It’s arguable but generally accepted that Tesla’s main advantage over other electric vehicle manufacturers is its pain-free network of fast-charging stations: Tesla Superchargers. Combined with Tesla’s range, the Superchargers enable real long distance driving – something painful with level 2 charging or even low DC charging (~60 kW).
Several alternatives to Tesla’s proprietary charging system are available and promise to soon deliver up to 150 kW, which can charge most vehicles in about 30 to 45 minutes. The latest system is going to come online in Switzerland this summer and will operate over 150 chargers at 100 locations by 2018.
Electric vehicles are popular in Switzerland, especially the Tesla Model S, which not only dominates the EV market in the country but also outsells any other gas-powered luxury sedan in its segment.
In 2015, Tesla delivered 1,556 Model S’s in Switzerland, based on registration data, and during the last quarter alone, the relatively small country added 430 new Teslas – more than larger neighboring markets like France or Germany.
Because of its small area (41,293.2 km2 – 15,943.4 sq mi), it is a lot easier to cover the whole country with charging stations to support long distance driving. For example, Tesla installed 10 Supercharger locations with a total 54 Superchargers across the country.Switzerland’s new network, which will be built with GOtthard FASTcharge according to Breezcar (French), will be spread out to more locations (~100), but with fewer chargers per locations (~150 total).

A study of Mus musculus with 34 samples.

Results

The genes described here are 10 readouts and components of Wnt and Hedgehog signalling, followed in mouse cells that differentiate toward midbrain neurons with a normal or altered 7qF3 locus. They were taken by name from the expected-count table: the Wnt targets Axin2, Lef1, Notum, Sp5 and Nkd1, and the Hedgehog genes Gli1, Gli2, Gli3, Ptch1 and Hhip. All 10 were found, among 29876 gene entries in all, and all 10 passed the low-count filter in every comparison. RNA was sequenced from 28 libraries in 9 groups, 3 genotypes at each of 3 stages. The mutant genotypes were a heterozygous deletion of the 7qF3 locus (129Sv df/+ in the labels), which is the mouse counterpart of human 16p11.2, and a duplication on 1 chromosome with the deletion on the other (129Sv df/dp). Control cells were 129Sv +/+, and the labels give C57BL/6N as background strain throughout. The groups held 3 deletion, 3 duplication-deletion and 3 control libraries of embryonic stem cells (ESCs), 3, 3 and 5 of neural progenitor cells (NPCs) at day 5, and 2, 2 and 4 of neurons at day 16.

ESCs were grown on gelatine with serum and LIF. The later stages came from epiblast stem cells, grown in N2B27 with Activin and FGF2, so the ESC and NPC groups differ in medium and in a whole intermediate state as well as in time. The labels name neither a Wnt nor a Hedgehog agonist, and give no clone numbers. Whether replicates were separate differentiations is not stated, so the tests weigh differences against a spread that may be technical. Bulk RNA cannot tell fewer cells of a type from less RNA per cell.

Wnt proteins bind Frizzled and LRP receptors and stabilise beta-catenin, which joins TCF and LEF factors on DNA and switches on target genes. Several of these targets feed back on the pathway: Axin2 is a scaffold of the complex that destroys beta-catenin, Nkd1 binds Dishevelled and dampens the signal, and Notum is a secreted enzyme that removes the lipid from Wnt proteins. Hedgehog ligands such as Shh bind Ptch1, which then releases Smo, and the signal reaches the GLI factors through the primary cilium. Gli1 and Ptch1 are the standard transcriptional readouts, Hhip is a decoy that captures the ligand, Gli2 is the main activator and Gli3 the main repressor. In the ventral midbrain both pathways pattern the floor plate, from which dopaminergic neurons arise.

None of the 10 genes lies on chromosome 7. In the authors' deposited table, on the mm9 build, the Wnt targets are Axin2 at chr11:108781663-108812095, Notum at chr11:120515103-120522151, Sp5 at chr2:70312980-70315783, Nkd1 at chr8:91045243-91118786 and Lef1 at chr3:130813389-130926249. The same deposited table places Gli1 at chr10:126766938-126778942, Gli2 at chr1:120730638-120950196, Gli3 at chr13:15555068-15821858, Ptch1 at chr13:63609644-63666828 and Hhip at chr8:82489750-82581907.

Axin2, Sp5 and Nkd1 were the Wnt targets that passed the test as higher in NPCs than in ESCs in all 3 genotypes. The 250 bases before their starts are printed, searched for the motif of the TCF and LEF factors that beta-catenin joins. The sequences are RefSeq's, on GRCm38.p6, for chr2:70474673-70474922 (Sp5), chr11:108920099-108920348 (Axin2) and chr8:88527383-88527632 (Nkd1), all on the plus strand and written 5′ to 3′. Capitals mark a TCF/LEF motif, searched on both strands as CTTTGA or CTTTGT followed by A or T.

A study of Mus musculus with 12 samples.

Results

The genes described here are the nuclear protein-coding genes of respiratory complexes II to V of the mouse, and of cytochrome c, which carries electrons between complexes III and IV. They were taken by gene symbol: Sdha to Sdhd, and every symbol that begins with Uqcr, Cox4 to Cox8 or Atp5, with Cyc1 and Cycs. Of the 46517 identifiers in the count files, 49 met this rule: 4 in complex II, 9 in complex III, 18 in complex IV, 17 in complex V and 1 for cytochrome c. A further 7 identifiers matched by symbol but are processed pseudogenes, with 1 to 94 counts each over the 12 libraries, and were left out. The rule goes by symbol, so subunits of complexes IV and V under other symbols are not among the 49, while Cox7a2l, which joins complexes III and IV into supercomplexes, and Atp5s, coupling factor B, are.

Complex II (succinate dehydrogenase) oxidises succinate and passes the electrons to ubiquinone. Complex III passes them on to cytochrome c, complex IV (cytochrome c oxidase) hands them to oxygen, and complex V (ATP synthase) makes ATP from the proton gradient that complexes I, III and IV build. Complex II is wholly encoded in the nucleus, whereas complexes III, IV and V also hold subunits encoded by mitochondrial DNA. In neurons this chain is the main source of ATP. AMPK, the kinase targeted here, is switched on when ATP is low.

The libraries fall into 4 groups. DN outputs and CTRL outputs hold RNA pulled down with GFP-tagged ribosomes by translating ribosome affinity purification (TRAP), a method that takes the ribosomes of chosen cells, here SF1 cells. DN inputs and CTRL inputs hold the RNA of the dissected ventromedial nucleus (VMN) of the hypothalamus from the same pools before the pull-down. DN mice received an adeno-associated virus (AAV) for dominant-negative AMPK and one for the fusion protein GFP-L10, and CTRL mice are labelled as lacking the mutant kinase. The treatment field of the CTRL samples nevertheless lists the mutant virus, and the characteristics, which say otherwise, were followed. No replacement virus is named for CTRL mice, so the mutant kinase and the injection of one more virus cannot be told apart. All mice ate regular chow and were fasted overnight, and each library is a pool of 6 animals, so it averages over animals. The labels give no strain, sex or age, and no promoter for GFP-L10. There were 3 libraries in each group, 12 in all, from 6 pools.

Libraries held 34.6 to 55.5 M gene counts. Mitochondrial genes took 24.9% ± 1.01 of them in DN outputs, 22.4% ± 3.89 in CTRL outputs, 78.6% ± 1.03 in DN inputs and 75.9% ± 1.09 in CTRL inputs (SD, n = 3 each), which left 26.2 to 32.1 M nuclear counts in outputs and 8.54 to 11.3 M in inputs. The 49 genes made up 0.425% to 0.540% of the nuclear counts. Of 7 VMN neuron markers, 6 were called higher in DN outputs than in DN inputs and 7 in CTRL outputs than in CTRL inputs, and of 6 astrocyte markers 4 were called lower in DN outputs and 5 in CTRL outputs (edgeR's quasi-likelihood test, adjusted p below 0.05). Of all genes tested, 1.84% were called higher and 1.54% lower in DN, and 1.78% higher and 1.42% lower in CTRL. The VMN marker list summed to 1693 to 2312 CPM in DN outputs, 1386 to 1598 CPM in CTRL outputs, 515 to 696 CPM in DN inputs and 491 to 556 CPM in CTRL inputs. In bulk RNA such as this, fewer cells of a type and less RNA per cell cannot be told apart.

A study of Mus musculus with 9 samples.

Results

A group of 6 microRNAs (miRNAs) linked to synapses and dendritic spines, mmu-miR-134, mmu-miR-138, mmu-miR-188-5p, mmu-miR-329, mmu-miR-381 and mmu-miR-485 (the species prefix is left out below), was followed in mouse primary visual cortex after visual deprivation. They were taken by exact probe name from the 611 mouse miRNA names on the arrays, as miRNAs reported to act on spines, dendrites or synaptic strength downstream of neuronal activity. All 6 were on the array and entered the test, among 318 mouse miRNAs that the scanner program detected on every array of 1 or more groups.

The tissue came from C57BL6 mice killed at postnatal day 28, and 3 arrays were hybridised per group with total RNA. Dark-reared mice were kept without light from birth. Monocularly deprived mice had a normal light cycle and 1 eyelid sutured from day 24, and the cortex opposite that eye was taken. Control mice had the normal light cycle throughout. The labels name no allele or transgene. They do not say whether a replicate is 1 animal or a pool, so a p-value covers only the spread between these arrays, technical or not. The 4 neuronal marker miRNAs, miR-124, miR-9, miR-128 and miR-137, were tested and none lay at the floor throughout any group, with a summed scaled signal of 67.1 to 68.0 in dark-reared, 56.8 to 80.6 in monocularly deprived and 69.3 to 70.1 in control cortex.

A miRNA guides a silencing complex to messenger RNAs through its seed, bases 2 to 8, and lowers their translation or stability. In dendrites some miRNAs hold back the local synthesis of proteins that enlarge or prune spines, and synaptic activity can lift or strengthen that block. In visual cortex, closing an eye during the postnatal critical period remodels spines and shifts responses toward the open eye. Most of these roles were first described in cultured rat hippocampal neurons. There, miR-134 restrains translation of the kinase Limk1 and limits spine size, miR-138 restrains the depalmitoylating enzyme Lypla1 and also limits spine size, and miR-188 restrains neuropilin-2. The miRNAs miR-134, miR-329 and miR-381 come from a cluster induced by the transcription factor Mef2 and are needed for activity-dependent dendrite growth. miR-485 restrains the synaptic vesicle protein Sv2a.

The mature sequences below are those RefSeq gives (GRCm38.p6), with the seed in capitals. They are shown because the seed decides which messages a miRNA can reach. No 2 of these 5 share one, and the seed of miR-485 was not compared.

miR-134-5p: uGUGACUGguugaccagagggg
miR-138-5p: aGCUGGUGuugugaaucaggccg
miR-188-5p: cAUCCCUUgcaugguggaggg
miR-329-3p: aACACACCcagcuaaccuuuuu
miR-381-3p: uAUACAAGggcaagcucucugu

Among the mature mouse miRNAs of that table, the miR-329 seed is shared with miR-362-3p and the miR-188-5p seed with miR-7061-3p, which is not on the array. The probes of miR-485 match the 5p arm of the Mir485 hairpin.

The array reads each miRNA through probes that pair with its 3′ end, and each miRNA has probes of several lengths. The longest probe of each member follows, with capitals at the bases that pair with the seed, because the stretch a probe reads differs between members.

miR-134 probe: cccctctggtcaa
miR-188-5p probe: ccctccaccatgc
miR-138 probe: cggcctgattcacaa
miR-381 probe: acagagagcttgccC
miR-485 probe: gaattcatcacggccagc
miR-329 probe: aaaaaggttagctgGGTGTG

Each charger will be equipped with 3 charging options: CCS and CHAdeMO for DC fast-charging and a level 2 AC charger. The company claims that its system will support up to 150 kW output for the DC options – Tesla’s Superchargers currently support up to 135 kW.
Here’s a gallery of GOtthard FASTcharge stations:
The company will partner with service stations, restaurants and hotels along highways, and the network will be compatible with SwissCharge.